Sometimes the best surprises come from the most unexpected places. Who would have thought that a band from a third world country like Brazil would break out and take the mainstream on by storm and shake up the world of extreme music?

Melding the styles of thrash metal and hardcore punk and adding their own South American edge, Sepultura were probably one of the most innovative bands in the last century. Their future remains uncertain considering the departure of Igor Cavalera and subsequent reunion with his estranged brother former vocalist and rhythm guitarist Max Cavalera earlier this year with Soulfly. Nevertheless Sepultura's legacy is nothing to be sniffed at as shown in this compilation of their best material on record.

The bands death metal origins are shown in opening song 'Troops of Doom' taken from 1987's Schizophrenia. 'Troops Of Doom' has the old school vibe that can induce a mosh pit in a microsecond. Metal classic 'Arise' holds its ground on here as does 'Dead Embryonic Cells' from 1991's international breakthrough Arise. It is safe to say that the bulk of the material comes from 1993's Chaos A.D. and perhaps their biggest success to date 1996's Roots.

Chaos A.D. perhaps saw Sepultura at their most political. If the musical equivalent of a Molotov cocktail 'Refuse/Resist' wasn't enough the Metallica -influenced 'Territory' charges around like a rhino on cocaine. Here the band began to expand their musical horizons by working with others artists, such as penning 'Slave New World' with Evan Seinfeld from NYC hardcore metal legends Biohazard and collaborating with former Dead Kennedys singer Jello Biafra on the punk metal anthem 'Biotech Is Godzilla', a song exploring South American human rights.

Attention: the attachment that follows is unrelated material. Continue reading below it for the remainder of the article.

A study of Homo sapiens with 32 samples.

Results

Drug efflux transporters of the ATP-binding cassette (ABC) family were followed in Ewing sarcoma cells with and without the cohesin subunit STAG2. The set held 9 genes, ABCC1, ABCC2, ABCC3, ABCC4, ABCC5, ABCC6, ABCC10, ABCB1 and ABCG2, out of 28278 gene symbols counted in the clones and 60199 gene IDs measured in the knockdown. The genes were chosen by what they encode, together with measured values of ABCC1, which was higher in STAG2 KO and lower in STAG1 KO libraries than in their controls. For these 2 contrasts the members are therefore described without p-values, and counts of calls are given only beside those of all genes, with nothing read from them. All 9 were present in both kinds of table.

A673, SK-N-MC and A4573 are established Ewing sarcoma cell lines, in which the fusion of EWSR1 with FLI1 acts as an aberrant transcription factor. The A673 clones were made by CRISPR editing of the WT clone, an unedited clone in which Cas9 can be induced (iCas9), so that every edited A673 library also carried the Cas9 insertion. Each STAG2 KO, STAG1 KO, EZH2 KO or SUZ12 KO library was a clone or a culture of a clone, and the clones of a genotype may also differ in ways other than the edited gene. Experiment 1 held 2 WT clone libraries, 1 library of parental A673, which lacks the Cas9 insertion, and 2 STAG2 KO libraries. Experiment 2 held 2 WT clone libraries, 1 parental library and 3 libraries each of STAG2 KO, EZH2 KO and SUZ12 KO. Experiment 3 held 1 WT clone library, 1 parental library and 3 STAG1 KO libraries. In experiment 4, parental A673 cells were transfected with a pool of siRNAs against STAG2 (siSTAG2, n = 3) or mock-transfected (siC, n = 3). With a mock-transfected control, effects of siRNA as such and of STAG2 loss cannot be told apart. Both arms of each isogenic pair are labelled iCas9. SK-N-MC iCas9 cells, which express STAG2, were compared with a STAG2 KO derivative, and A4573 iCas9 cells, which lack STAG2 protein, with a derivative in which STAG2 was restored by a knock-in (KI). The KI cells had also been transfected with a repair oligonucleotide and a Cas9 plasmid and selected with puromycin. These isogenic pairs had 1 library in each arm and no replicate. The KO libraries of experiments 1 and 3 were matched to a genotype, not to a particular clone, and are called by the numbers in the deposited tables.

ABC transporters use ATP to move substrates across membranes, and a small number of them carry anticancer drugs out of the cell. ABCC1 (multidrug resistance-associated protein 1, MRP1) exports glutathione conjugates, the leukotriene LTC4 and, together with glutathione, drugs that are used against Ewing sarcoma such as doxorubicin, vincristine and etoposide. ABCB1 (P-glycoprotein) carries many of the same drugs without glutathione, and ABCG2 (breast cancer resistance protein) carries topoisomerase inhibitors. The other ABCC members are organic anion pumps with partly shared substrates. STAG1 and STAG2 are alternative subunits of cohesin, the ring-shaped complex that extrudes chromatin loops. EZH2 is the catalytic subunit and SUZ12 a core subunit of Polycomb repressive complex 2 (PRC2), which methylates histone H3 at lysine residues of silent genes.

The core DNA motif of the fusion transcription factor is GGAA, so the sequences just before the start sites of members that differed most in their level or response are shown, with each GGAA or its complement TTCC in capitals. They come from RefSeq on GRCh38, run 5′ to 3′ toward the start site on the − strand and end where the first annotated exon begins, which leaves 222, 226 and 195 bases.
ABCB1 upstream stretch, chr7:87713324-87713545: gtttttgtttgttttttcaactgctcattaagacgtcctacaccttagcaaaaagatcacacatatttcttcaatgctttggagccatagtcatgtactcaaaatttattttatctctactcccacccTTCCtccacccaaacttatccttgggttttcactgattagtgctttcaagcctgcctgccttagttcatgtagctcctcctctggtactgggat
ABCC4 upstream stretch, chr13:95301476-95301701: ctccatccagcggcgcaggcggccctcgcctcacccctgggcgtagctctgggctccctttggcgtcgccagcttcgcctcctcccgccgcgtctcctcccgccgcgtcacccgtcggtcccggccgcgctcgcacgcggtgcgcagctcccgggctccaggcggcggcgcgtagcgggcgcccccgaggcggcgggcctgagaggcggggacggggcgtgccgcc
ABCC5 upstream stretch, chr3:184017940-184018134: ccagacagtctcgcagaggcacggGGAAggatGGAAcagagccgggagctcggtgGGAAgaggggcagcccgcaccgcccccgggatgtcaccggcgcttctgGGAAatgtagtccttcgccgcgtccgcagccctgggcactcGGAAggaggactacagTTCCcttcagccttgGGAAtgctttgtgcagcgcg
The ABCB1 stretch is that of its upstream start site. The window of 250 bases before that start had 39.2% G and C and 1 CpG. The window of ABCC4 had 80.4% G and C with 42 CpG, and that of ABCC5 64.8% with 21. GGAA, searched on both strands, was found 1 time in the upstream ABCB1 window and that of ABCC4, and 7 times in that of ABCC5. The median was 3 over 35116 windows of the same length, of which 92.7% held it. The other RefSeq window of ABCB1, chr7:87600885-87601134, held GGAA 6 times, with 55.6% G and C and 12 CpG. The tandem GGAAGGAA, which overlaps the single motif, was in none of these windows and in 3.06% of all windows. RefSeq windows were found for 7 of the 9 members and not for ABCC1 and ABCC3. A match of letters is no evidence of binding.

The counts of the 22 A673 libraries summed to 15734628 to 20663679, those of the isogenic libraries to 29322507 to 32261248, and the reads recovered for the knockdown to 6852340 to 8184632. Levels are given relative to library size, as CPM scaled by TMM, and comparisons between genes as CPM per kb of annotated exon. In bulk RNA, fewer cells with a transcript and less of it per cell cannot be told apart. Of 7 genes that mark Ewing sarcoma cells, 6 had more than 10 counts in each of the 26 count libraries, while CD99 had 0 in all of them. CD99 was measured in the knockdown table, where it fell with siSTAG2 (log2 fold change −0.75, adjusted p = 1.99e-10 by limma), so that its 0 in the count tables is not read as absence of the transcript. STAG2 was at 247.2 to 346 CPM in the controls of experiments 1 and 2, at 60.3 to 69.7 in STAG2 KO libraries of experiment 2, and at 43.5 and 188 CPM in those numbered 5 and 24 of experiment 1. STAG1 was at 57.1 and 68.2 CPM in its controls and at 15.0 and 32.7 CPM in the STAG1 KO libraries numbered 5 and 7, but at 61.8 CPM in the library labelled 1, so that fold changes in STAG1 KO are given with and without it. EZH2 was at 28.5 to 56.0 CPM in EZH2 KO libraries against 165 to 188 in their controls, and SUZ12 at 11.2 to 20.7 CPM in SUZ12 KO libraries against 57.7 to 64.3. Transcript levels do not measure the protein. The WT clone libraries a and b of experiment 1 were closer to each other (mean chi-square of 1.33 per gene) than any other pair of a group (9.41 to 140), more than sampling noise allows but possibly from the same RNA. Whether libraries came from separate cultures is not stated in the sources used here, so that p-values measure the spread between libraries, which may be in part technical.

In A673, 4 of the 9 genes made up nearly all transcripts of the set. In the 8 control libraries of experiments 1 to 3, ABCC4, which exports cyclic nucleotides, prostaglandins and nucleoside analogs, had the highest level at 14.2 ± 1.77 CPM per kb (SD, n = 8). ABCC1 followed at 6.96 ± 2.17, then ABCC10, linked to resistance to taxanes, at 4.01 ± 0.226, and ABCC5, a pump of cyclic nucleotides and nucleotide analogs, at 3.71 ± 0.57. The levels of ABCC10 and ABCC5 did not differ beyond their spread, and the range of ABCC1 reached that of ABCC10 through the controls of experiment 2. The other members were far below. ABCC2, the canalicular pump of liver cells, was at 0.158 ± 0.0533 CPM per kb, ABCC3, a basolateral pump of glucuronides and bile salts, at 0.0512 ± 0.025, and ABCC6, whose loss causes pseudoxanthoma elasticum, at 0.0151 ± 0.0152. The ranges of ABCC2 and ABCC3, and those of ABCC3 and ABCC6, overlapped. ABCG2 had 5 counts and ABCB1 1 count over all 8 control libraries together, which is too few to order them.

With the songs from Roots, the evolution of Sepultura is perhaps shown the most here. Not only were the Brazilian upstarts at their heaviest, they were at their most progressive. Whilst the detuned grooves 'Attitude' and live favourite 'Roots Bloody Roots' decimate their way through the stereo speakers, the world music influenced 'Ratamahatta' is a completely different animal. Collaborating with fellow countryman Carlinhos Brown and sung completely in native Portuguese, 'Ratamahatta' has swirling tribal rhythms that saw Sepultura return to their roots.

Of course no best of albums is perfect but this one comes pretty damn well close to capturing the spirit of what Sepultura used to be. Whether they can pull a Judas Priest and reform with the original line-up remains to be seen, until then this album will have to tide us raving metalheads over.